I have long supported the Nuremberg Doctrine: soldiers are individually responsible for war crimes, and following orders is no excuse. Nor is it an excuse to say that an action seemed acceptable and triggered no feelings of bad conscience. War often suppresses our conscience or turns it upside down, causing us to view mercy as a tempting form of weakness that we are obliged to avoid. Nevertheless, when we carry guns, operate prisons, or give orders, it is our responsibility to make sure that our conscience is working right. As Hannah Arendt observes, “politics is not like the nursery.” A person with a gun is not a child who knows that he is good if only he is obedient. One can follow orders without meaning to violate a law, and still be culpable.
However, I now see a complication. In the military, you are legally required to disobey illegal orders, but you are equally obligated to obey every legal command. A mistake in either direction can send you to a court martial. In civilian life, we have much more margin for error. If someone, even my boss, tells me to do something, I can say, “I don’t know if that’s legal (or moral), so I won’t do it.” Or I can make an arbitrary excuse to get out of doing something that I fear may be wrong. The worst that can happen to me if I avoid making a yes-or-no decision is losing my job. Because we have this leeway, we should be held fully accountable for participating in any illegal acts, even if we don’t understand the law or realize that we’re doing something wrong. It’s our responsibility to do the right thing, and if we’re not sure, we can duck the issue.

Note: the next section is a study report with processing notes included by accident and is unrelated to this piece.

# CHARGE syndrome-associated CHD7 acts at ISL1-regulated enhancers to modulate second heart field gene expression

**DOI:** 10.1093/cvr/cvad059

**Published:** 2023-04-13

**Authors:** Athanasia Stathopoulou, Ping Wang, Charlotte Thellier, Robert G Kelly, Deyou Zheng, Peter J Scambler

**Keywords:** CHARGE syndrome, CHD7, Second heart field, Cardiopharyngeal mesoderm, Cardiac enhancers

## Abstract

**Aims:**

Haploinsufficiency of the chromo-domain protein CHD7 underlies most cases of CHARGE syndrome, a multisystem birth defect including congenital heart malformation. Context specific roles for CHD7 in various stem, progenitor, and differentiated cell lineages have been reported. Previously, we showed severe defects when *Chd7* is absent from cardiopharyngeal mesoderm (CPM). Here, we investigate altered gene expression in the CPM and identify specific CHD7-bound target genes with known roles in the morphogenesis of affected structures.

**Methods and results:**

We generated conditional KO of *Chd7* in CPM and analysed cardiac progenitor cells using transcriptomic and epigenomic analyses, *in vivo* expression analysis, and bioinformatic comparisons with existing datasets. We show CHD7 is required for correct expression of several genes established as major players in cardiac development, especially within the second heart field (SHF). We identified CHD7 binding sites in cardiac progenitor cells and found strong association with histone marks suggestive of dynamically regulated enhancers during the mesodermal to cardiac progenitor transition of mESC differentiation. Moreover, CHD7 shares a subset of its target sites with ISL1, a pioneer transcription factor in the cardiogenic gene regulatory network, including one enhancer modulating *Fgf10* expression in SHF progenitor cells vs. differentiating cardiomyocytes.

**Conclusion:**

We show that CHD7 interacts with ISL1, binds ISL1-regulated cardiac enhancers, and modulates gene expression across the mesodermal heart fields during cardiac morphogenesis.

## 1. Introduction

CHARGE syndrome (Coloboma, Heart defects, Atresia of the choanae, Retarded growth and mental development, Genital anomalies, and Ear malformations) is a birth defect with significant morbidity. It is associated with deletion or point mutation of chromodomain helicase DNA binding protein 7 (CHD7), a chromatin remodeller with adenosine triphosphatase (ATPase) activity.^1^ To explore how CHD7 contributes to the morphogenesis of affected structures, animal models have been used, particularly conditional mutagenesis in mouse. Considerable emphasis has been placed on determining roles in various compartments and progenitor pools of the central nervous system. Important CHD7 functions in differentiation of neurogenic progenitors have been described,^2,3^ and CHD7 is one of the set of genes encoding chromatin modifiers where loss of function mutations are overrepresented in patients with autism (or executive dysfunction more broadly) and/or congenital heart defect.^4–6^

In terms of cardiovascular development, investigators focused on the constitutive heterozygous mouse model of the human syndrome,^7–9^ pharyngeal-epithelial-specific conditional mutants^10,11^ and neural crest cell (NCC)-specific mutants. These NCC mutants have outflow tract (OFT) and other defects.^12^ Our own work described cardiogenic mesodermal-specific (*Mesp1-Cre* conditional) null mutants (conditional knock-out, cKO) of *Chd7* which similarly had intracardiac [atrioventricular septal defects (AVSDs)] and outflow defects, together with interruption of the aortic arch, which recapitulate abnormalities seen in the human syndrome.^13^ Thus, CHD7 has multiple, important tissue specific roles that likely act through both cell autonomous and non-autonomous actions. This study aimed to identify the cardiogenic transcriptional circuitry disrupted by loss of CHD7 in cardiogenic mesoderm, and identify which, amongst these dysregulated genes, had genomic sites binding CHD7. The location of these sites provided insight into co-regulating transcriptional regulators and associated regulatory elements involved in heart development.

But soldiers are in a much tougher position. They must obey or disobey–immediately. It may be genuinely difficult to see that a grievous wrong is illegal under the hellish circumstances of war. Both historical evidence and experiments in social pyschology show that most people will do the wrong thing in hellish contexts. They will kill and maim other human beings out of duty, even though they don’t want to harm anyone. If most people will act this way, then I must assume that I would, too. And if I have no leeway, no opportunity to get myself out of the situation, then I am especially likely to make the wrong choice.
Thus it seems to me the rule ought to be: Don’t obey patently illegal orders. Indeed, this appears to be the legal standard. It is then a hard question whether the despicable acts committed at Abu Ghraib were obviously illegal. If the accused soldiers were free-lancing–deciding on their own to humiliate and abuse prisoners, and hiding their actions from their superiors–then they are guilty. If they were following orders, even vague ones, then I am open to a verdict of “not guilty,” as long as their commanders are held accountable.